Simply Wall St

Today we are going to look at Universal Display Corporation (NASDAQ:OLED) to see whether it might be an attractive investment prospect. Specifically, we'll consider its Return On Capital Employed (ROCE), since that will give us an insight into how efficiently the business can generate profits from the capital it requires.

First up, we'll look at what ROCE is and how we calculate it. Second, we'll look at its ROCE compared to similar companies. Then we'll determine how its current liabilities are affecting its ROCE.

Return On Capital Employed (ROCE): What is it?

ROCE measures the 'return' (pre-tax profit) a company generates from capital employed in its business. All else being equal, a better business will have a higher ROCE. Ultimately, it is a useful but imperfect metric. Author Edwin Whiting says to be careful when comparing the ROCE of different businesses, since 'No two businesses are exactly alike.

So, How Do We Calculate ROCE?

Analysts use this formula to calculate return on capital employed:

Return on Capital Employed = Earnings Before Interest and Tax (EBIT) ÷ (Total Assets - Current Liabilities)

Or for Universal Display:

0.17 = US$158m ÷ (US$1.1b - US$162m) (Based on the trailing twelve months to December 2019.)

So, Universal Display has an ROCE of 17%.

See our latest analysis for Universal Display

Is Universal Display's ROCE Good?

When making comparisons between similar businesses, investors may find ROCE useful. Universal Display's ROCE appears to be substantially greater than the 8.9% average in the Semiconductor industry. I think that's good to see, since it implies the company is better than other companies at making the most of its capital. Regardless of where Universal Display sits next to its industry, its ROCE in absolute terms appears satisfactory, and this company could be worth a closer look.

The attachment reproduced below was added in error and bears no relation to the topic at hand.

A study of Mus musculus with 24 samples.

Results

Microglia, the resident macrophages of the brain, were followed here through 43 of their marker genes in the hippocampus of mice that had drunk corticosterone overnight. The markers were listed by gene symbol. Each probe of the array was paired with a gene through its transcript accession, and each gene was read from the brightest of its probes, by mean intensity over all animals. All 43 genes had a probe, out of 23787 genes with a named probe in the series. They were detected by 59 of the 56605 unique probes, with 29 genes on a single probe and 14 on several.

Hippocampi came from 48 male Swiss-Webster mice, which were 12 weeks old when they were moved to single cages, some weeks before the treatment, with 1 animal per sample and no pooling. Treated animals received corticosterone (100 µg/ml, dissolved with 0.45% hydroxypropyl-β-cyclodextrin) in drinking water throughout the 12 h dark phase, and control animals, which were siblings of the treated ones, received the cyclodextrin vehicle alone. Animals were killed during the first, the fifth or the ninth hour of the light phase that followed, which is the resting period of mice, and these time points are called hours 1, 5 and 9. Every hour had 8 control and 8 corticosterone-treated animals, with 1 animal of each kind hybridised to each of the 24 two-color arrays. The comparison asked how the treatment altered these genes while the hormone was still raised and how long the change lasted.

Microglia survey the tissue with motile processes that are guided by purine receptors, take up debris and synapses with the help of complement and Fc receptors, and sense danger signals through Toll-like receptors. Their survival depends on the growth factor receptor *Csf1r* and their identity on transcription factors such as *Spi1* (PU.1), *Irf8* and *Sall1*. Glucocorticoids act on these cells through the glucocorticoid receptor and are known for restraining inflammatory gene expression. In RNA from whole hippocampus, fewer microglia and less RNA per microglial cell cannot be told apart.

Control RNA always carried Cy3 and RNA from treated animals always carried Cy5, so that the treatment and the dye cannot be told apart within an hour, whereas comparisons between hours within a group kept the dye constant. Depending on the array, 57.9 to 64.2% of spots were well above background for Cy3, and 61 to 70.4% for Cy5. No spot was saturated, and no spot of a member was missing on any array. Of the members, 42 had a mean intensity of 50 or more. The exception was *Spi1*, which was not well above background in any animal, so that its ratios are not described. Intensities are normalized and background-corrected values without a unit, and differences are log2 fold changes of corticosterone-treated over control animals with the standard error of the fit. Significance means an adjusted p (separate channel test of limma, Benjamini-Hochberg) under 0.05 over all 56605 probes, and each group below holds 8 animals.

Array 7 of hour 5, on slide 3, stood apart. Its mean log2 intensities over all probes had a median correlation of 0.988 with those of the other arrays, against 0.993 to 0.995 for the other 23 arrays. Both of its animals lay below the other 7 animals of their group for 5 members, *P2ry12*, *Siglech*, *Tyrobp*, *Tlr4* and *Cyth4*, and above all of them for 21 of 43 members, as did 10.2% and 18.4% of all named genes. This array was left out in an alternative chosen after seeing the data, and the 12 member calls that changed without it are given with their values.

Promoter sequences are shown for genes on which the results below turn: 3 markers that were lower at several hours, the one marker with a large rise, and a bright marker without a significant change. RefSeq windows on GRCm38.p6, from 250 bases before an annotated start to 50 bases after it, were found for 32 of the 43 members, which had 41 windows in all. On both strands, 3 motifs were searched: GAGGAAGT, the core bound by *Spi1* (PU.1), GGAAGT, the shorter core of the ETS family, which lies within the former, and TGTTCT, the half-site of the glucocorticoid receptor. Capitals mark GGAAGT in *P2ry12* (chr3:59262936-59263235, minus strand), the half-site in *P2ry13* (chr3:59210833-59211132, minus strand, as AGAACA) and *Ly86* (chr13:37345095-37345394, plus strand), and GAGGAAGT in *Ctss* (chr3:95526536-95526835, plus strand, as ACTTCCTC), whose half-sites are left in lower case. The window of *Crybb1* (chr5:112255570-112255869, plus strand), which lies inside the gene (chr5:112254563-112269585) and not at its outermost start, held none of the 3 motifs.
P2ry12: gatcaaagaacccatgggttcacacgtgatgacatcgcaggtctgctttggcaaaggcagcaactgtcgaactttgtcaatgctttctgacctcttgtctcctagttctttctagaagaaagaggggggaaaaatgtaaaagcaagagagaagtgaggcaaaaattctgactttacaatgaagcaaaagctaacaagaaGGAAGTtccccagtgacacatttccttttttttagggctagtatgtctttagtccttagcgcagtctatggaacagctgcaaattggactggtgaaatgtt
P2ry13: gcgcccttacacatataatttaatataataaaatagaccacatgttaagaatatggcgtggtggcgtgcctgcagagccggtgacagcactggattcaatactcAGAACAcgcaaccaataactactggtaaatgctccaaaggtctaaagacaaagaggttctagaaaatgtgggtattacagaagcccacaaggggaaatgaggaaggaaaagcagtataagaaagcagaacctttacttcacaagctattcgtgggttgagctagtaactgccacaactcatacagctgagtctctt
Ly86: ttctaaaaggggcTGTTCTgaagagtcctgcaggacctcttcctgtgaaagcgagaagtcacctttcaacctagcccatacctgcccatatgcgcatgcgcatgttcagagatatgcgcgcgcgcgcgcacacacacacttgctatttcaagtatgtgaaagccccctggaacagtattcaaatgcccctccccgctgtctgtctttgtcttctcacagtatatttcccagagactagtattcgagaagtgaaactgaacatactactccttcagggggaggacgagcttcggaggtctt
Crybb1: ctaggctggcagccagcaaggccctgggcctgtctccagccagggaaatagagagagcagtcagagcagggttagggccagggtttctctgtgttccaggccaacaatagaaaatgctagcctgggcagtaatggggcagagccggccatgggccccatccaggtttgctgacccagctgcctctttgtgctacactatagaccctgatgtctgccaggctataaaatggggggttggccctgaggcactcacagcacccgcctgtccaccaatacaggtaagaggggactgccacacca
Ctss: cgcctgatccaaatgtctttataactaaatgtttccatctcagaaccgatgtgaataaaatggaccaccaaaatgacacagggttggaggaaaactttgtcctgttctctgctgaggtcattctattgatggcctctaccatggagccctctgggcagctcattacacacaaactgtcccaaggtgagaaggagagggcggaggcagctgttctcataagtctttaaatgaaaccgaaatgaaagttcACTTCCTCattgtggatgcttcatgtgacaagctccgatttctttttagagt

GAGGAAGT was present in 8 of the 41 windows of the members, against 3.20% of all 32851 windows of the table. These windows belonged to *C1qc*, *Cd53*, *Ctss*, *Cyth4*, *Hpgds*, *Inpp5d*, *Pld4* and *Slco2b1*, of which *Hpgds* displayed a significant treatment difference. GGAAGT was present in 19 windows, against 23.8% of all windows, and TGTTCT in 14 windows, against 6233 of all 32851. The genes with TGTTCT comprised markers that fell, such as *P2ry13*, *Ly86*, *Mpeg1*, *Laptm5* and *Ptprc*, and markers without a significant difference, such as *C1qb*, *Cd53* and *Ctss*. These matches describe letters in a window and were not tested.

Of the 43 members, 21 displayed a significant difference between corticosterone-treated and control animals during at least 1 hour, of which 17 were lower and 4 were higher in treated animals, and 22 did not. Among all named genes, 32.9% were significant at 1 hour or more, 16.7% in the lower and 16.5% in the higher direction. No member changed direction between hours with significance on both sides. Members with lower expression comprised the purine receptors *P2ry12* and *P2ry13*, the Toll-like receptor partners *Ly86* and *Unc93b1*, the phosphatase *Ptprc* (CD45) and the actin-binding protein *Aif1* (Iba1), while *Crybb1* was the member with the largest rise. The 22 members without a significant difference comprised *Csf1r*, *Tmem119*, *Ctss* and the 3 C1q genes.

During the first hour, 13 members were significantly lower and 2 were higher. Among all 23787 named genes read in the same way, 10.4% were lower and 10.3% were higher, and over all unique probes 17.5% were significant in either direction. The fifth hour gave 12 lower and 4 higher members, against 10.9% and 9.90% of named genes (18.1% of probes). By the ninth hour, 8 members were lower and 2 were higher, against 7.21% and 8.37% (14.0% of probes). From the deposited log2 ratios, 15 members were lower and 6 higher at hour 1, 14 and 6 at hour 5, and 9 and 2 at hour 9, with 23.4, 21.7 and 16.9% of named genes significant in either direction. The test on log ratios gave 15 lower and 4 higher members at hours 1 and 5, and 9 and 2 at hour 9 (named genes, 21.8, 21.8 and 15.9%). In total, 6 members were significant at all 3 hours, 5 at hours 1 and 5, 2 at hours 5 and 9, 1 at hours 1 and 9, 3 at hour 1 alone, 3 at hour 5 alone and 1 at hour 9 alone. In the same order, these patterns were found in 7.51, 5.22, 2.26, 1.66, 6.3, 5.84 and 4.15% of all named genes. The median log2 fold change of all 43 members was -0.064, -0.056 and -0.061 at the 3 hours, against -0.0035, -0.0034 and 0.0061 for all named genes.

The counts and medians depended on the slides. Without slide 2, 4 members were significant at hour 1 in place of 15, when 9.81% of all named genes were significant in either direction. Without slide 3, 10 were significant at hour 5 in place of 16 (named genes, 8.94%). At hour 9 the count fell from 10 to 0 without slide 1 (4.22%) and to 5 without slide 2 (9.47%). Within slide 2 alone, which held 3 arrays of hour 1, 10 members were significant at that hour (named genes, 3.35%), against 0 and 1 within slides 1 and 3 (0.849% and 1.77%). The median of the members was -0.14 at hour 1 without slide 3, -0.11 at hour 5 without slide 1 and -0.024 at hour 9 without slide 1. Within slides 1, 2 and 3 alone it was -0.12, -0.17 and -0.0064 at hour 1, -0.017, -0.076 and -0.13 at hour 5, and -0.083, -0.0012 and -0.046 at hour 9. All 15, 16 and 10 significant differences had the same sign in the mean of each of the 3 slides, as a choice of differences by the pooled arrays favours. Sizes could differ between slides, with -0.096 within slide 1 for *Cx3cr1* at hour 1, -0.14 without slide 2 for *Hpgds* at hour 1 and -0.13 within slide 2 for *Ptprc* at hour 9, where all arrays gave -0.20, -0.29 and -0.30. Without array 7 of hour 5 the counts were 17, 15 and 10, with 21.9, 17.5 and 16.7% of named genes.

Our data shows that Universal Display currently has an ROCE of 17%, compared to its ROCE of 12% 3 years ago. This makes us think the business might be improving. You can see in the image below how Universal Display's ROCE compares to its industry. Click to see more on past growth.

NasdaqGS:OLED Past Revenue and Net Income April 13th 2020

Remember that this metric is backwards looking - it shows what has happened in the past, and does not accurately predict the future. ROCE can be deceptive for cyclical businesses, as returns can look incredible in boom times, and terribly low in downturns. This is because ROCE only looks at one year, instead of considering returns across a whole cycle. Future performance is what matters, and you can see analyst predictions in our free report on analyst forecasts for the company.

What Are Current Liabilities, And How Do They Affect Universal Display's ROCE?

Short term (or current) liabilities, are things like supplier invoices, overdrafts, or tax bills that need to be paid within 12 months. The ROCE equation subtracts current liabilities from capital employed, so a company with a lot of current liabilities appears to have less capital employed, and a higher ROCE than otherwise. To check the impact of this, we calculate if a company has high current liabilities relative to its total assets.

Universal Display has total assets of US$1.1b and current liabilities of US$162m. As a result, its current liabilities are equal to approximately 14% of its total assets. Low current liabilities are not boosting the ROCE too much.

The Bottom Line On Universal Display's ROCE

This is good to see, and with a sound ROCE, Universal Display could be worth a closer look. Universal Display looks strong on this analysis, but there are plenty of other companies that could be a good opportunity . Here is a free list of companies growing earnings rapidly.

Universal Display is not the only stock that insiders are buying. For those who like to find winning investments this free list of growing companies with recent insider purchasing, could be just the ticket.

If you spot an error that warrants correction, please contact the editor at editorial-team@simplywallst.com. This article by Simply Wall St is general in nature. It does not constitute a recommendation to buy or sell any stock, and does not take account of your objectives, or your financial situation. Simply Wall St has no position in the stocks mentioned.

We aim to bring you long-term focused research analysis driven by fundamental data. Note that our analysis may not factor in the latest price-sensitive company announcements or qualitative material. Thank you for reading.